Alexis de Tocqueville wrote a two volume appraisal of these United States called Democracy in America. The first was published in 1835 and the second five years later. His initial 1831 venture to these shores was accompanied by a desire to assess the country's prison system. His final tome covered far more and has become a classic description of early America and Americans. He visited 17 states and traveled thousands of miles, always intrigued by the culture and politics of such a unique people.
His thoughts on the American's dedication to a God of blessing paint a much different picture than the America he would see today:
"In the United States, on the seventh day of every week, the trading and working life of the nation seems suspended; all noises cease; a deep tranquillity, say rather the solemn calm of meditation, succeeds the turmoil of the week, and the soul resumes possession and contemplation of itself. Upon this day the marts of traffic are deserted; every member of the community, accompanied by his children, goes to church, where he listens to strange language which would seem unsuited to his ear. He is told of the countless evils caused by pride and covetousness; he is reminded of the necessity of checking his desires, of the finer pleasures which belong to virtue alone, and of the true happiness which attends it. On his return home, he does not turn to the ledgers of his calling, but he opens the book of Holy Scripture; there he meets with the sublime or affecting descriptions of the greatness and goodness of the Creator, of the infinite magnificence of the handiwork of God, of the lofty destinies of man, of his duties, and of his immortal privileges. Thus it is that the American at times steals an hour from himself; and laying aside for a while the petty passions which agitate his life, and the ephemeral interests which engross it, he strays at once into an ideal world, where all is great, eternal, and pure.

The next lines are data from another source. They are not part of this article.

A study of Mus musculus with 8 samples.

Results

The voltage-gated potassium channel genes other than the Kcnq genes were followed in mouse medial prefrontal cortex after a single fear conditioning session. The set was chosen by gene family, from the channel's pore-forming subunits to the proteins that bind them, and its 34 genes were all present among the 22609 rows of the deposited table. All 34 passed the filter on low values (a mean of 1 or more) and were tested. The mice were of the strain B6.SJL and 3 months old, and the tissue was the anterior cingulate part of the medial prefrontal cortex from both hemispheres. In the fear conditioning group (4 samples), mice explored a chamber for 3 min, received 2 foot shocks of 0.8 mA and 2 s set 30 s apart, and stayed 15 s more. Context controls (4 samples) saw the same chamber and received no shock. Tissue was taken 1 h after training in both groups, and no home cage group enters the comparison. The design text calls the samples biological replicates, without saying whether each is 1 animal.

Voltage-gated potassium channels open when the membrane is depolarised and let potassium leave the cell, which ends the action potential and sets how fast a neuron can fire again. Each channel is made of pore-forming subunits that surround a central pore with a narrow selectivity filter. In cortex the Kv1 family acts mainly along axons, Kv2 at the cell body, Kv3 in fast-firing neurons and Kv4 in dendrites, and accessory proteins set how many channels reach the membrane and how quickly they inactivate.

"I have endeavoured to point out in another part of this work the causes to which the maintenance of the political institutions of the Americans is attributable; and religion appeared to be one of the most prominent among them. I am now treating of the Americans in an individual capacity, and I again observe that religion is not less useful to each citizen than to the whole State. The Americans show, by their practice, that they feel the high necessity of imparting morality to democratic communities by means of religion. What they think of themselves in this respect is a truth of which every democratic nation ought to be thoroughly persuaded. . .
"What means then remain in the hands of constituted authorities to bring men back to spiritual opinions, or to hold them fast to the religion by which those opinions are suggested? My answer will do me harm in the eyes of politicians. I believe that the sole effectual means which governments can employ in order to have the doctrine of the immortality of the soul duly respected, is ever to act as if they believed in it themselves; and I think that it is only by scrupulous conformity to religious morality in great affairs that they can hope to teach the community at large to know, to love, and to observe it in the lesser concerns of life."
If you had trouble reading those three paragraphs, I suggest you go back over them without hurrying.
May God help America present to assure America future.